Transgenerational Ministry in the 21st Century

Transgenerational Community in the 21st Century


I’ve been at the meeting of the Memphis Annual Conference for the last few days and it has caused me to think about building communities across all age ranges. The reason I’m thinking about this is because I see a greater variety of people using communications tech every year. Retired pastors check in on Facebook, delegates use Twitter, pictures being posted online by proud grandparents and the use of media continues.


In small towns and major cities, I have seen grandmothers using Facebook to keep track of their grandchildren and I have seen teenagers texting their pastor with a prayer need. Men and women in the military easily jump on to Skype just so they can stay in touch with their families and, even when away for years at a time, they are able to watch these children grow. Personally, I have been able to dialogue and develop friendships with people from around the world just using a laptop and a wifi connection.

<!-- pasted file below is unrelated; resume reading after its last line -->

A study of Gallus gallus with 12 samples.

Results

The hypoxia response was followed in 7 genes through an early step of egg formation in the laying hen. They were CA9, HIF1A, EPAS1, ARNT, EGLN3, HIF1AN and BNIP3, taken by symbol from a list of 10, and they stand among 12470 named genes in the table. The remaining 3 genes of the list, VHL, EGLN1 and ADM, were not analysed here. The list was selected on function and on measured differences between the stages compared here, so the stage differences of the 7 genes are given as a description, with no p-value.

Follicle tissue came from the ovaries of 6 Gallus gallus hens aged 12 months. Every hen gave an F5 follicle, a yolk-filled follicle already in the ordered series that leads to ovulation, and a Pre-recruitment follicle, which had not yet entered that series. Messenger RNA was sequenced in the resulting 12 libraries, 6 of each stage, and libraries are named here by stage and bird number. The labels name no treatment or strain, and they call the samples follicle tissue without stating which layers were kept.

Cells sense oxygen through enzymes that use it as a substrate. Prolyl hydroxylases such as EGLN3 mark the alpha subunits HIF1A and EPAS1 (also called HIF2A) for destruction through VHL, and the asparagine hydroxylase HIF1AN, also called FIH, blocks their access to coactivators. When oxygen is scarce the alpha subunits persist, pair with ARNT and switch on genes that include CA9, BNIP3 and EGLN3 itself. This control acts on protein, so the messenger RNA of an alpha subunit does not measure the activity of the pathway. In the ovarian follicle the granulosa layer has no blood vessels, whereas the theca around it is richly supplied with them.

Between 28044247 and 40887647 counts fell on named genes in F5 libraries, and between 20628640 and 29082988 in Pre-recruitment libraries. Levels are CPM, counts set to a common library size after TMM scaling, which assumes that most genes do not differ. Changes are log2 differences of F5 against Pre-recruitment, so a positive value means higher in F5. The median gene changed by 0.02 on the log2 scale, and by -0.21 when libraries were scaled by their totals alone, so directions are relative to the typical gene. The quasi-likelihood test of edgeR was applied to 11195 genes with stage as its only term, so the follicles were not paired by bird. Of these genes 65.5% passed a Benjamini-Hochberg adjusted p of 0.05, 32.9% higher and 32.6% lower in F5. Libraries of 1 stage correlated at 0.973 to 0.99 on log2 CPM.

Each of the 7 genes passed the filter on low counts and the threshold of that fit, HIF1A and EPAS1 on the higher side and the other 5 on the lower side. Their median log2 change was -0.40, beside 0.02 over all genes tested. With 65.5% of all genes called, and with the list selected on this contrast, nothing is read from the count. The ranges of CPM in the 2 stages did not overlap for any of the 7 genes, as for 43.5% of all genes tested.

The question we find ourselves asking is, “Are these communities?” Well, let me act like a halfway decent pastor or counselor and ask a few questions in return. First, does praying for an individual build community? Second, does raising support for someone in need build a community? Third, is going to a strange city and meeting someone you have talked to online for over a decade help build community? Of course, these questions are not limited to just three and I could continue thinking up many others until the battery on my Macbook Pro dies. That’s not the point. The point is that communities and how we view them are changing and they’re not limited to age, gender, culture, or economic background. So, are we willing to build scary, transgenerational, transeconomic, transgender, and transcultural community? I don’t know.

This entry was posted in Bible, Call to Action, community, Facebook, faith, Jesus, Ministry, religion, Social Media, texting, transgenerational, Twitter, United Methodist. Bookmark the permalink.